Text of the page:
Monday, December 28, 2009

A Christmis-adventure

A teacher I work with gave me directions to a Catholic Church near me. I followed them with no luck until a Korean family turned onto the sidewalk in front of me, the two children wearing hand decorated felt Santa hats and the father carrying a Bible. Deciding this must be divine providence, I followed Dream Methodist Church. Meh. Christmas service is Christmas service, right? I witnessed no smiting, so I assume it's no biggy in God's book.

The preacher wore black slacks in the Korean style- poorly tailored and unhemmed, folds falling in bunches at his ankles, offending even my limited fashion senses- with a fancy white suit jacket and black bow-tie. He had a melodious voice despite the language- too many k's, ch's, and sh's, I think- but this quickly changed as the sermon rose to a zealous pitch. I didn't know a word he said, but I do know it was nothing to do with Christmas or love. I zoned out as he droned on, thinking what I would preach for Christmas. (I decided on the miracle of Jesus' birth with a focus on the reality Mary suffered instead of the pretty nativity pictures we see.) And then I wondered what the heck Koreans celebrate on Christmas, because I haven't seen a single manger scene all month.* Wtf, yo? And then cue eucharist preparation with the goriest scenes from some crucifixion movie on the jumbo screens. I found this vile and offensive on Christmas day. Oh well, it would probably be the last time I attend church while in Korea.**

I found the ice rink at Gwanghwamun with no trouble. But I failed to anticipate that half of Seoul would turn out for ice skating on Christmas day. I don't mind the crowds, but I would have waited in line for a ticket longer than I could skate, so I got back on the train to Itaewon.

I couldn't remember which exit I was supposed to take, but I guessed correctly, found Suji's, and still had two hours to burn. Luckily, there is a sizable market on the same street and hella good coffee. I got some awesome stripy socks for W2,000 but didn't care for the prices of anything else I saw on the street. Until I saw some coin scarves in the window. I went in, checked out their quality, and asked about the price. W30,000 for the white velvet one I was eyeing- I'll take it! I know you're supposed to haggle in SK, but that was half of what I could expect to pay for the same item back home, so it completely slipped my mind.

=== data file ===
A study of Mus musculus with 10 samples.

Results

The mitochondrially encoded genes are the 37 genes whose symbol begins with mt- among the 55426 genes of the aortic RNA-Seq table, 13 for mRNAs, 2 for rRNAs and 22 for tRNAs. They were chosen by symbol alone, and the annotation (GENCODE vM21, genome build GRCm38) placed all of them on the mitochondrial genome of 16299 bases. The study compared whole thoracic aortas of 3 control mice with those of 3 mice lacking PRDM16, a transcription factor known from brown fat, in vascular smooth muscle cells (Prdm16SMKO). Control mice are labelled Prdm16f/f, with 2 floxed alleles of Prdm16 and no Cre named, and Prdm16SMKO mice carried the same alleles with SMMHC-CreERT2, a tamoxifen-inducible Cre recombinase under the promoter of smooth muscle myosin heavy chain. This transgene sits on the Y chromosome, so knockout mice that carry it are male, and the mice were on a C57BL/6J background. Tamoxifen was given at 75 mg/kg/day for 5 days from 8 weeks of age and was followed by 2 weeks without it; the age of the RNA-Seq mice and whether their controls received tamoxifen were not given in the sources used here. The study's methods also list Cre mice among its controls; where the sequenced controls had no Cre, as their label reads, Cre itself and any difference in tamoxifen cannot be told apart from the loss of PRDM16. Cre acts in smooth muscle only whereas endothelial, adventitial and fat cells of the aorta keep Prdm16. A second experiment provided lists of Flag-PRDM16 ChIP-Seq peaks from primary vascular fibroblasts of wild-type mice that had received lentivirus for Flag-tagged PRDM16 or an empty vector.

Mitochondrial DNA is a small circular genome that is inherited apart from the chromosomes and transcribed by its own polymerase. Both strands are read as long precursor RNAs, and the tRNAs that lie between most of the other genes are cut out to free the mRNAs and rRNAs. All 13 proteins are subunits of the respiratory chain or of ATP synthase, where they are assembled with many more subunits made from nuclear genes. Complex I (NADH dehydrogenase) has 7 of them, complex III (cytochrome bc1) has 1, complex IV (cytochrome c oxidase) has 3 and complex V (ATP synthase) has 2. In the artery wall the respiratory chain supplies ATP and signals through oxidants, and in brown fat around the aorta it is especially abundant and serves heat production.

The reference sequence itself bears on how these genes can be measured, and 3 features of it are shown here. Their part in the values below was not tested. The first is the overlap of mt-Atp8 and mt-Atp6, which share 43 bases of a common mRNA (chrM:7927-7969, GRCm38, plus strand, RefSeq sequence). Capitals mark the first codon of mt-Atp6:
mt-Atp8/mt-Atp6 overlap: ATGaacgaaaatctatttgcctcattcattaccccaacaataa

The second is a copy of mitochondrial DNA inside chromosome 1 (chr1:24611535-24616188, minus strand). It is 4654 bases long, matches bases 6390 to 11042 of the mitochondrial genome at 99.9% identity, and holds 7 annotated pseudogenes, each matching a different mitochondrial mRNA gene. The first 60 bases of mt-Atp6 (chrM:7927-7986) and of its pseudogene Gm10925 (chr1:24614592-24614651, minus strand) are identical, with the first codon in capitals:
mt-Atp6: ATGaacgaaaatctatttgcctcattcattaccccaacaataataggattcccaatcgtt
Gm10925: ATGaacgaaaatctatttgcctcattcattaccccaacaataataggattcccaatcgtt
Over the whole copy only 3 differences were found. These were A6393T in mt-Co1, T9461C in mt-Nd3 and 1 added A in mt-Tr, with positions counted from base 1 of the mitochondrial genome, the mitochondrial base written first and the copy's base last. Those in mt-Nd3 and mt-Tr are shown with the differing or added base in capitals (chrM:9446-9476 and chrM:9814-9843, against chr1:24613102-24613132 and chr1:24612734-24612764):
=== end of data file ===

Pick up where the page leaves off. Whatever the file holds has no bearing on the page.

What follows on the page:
Photo 14
Now if I can only find a place to belly dance. Hell, I might just wear it to Hongdae.

Dinner was OK, but I can't believe I paid that much for it. There was pastrami, turkey, ham & pineapple, salad, mashed potatoes, stuffing, cranberry sauce, and a green been dish. The food wasn't as warm as I would have liked and was a bit bland, but where else am I going to get an American Christmas dinner in Korea? The eggnog was OK, and the pumpkin pie dessert was stellar. It started snowing while I ate, and the atmosphere was quite lovely. The baby at the table next to me had me laughing all evening while he played the "throw everything I can get my hands on onto the floor for the servers to pick up" game.

I decided to head home after that and spend the rest of the evening warm at my place.

*I asked a coworker the next day, and he explained to me that Koreans celebrate Christmas as a western holiday of gift-giving and don't know the history of it.
**Four days later my boss' wife is asking me to come to church with her family regularly because Dream Methodist is where they attend.